Note: Public Information Officer Warren Alford wrote this story for the most recent edition of the District 10 newsletter.
Corey Casey’s first thought as he looked up at the jumbled pile of rubble where the foundation for a rock shed was supposed to be was, “That’s the end of that project.” His second thought was, “OK, we need to call the team together (Paul Elliott, the senior resident engineer, and Grace Magsayo, the projet manager) and create a plan to get this back on track.”
The Ferguson Project, as it is known, is the largest public works project in tiny Mariposa County’s history, likely rivaled only by the building of State Route 140 itself in the early 1920s – 1922 being the date stamped on most of the historic bridges along the route. The history of the project includes a couple of massive slides at the famously unstable slope in the Wild and Scenic Merced River canyon.
The route serves the communities of Mariposa, Midpines and El Portal. It provides the lifeblood of tourism revenue for the rural county and is the best all-season route for the 4 million Yosemite National Park visitors annually.
During the darkness sometime in the early morning hours on a December morning in 2006, a small shift of the earth caused a massive rockfall burying State Route 140 in Mariposa County under 800,000 cubic yards of rock, enough to fill nearly 44,500 full-sized dump trucks.
Fast forward to that fateful Dec. 18 morning in 2015, when Casey gazed up at the jumbled pile of rubble burying the excavation site of the project underway to restore full-access to the route after many years of planning.
Minutes earlier, he had been driving to the remote location in the Merced River canyon near Yosemite- his mind racing to plan a climb up the slope to inspect damage to protective netting from a small slide that had been reported earlier.
Sensitive monitoring equipment installed to measure turbidity (basically stirred-up dirt) picked up a pulse of muddy water for a two-and-a-half-minute period at approximately 5 a.m. that pinpoints the exact time of the slide. Casey’s stomach was queasy with the thought that despite the safety protocols in place at the time, he would have been swept off the mountain along with the other workers had the slide occurred a couple of hours later – the blink of a gnat’s eye in geologic time.
The project team immediately mobilized. In a few short weeks, they secured a $1.5 million change order, secured a contract for a geotechnical determine if a project was still feasible, flew drill rigs onto the slope to install sensitive monitoring equipment, and began the process of planning designing a new project.
Casey thought he would never scale the slope again, but soon found himself back installing monitoring equipment in an ambitious effort to get the project moving forward. Unfortunately, geologic time being what it is, the study to determine slope stability needed time to generate enough data to be meaningful.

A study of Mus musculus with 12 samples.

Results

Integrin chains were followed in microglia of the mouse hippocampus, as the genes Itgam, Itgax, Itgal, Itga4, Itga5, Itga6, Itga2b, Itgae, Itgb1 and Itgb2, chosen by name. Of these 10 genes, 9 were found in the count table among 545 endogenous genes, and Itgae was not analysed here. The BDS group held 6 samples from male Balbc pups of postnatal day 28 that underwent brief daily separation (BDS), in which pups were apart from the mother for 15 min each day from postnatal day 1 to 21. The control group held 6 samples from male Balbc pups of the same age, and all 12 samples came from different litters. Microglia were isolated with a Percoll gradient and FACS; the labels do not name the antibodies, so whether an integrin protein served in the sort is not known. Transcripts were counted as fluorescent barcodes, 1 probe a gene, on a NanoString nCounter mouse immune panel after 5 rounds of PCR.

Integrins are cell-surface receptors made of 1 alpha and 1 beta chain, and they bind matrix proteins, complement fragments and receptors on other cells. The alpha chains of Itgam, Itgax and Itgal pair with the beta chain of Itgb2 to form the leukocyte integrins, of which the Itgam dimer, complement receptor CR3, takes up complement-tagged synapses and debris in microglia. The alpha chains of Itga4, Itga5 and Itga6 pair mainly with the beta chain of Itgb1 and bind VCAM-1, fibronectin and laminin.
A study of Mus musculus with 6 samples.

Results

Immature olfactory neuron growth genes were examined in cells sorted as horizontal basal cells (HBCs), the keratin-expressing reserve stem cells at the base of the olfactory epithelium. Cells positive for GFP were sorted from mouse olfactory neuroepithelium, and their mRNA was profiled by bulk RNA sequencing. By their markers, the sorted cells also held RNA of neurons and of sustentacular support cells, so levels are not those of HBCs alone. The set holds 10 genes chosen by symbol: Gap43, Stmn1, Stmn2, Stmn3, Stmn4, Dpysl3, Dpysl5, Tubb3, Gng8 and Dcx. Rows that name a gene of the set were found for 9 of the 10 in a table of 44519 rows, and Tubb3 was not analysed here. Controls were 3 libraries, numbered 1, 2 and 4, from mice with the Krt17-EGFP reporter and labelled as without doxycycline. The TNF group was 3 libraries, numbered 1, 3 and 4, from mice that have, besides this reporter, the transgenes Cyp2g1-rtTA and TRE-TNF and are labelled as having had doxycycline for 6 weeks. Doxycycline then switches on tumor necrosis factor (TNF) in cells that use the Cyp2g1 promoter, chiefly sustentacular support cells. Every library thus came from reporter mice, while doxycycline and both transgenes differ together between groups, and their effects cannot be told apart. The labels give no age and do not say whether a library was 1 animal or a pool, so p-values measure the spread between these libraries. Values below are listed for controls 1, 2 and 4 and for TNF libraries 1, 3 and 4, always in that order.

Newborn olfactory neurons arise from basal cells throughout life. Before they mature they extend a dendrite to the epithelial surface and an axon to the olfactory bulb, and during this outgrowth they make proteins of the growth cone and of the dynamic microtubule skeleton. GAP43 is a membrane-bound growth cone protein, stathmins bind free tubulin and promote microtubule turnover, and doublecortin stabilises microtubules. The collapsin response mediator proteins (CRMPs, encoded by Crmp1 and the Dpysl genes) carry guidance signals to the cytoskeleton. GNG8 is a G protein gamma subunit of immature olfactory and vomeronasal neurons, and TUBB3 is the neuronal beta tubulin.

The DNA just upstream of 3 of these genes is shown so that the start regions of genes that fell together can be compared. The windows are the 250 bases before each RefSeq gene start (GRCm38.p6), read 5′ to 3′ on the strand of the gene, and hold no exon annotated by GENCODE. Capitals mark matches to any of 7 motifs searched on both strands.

Once it was determined that a rock shed was viable for a project, it became clear immediately that the original plan for traditional “cast-in-place” construction was no longer viable. Caltrans designers from District 10 and Central Region (including Grant Schuster and Caroline Reyes), developed an innovative solution to construct a 750-foot, segmentally constructed launched rock shed structure on the same alignment that will be built outside of the rock fall zone and then launched into place.
The installed segments will provide shelter for workers so that the entire process takes place under the protective cover of the structure as each segment is moved into place.
“We’re basically building the same structure we had planned initially, but in a completely different way, said Casey. “This will be the first launched structure like this built along a curve.”
Project alternatives considered along the way included exploring options to bore a tunnel through the mountain, build a bridge around it, or building a protective rock shed over the roadway. Building the rock shed was determined to the best solution as it maintained the existing road alignment, resulting in less land disturbance and helping protect such creatures as the threatened limestone salamander. The new design dramatically increases protection for workers and will help protect the project schedule and budget.
Grace Magsayo, the current deputy director of Planning and Project Management, was assigned the Ferguson Project as one of her first assignments upon transferring to District 10 from District 3 back in 2006. She said she assumes that the successful completion of the project will be a dramatic bookend to her career at District 10 when the project is completed.
“I joke that this project is between a rock and a river,” said Magsayo in reference to the sensitive species that occupy the upland area and the federally protected wild and scenic river down below. “Our team has been pushed to the limit of innovation and courageousness, somehow squeezing a project in between these two constricting factors.”
Magsayo credits the fact that team members from both District 10 and Central Region Design have made this project their cause, indicating that some have even postponed retirement to see the project through. Magsayo points to District Director Dan McElhinney’s experience with projects like the Devil’s Slide and Bay Bridge as key to the effort to keep the Ferguson rock shed moving forward despite the complexity of the project.
“This project is going to put Mariposa and El Portal on the map,” said Magsayo. “This will be the longest rock shed in California and only the second one that Caltrans has built.”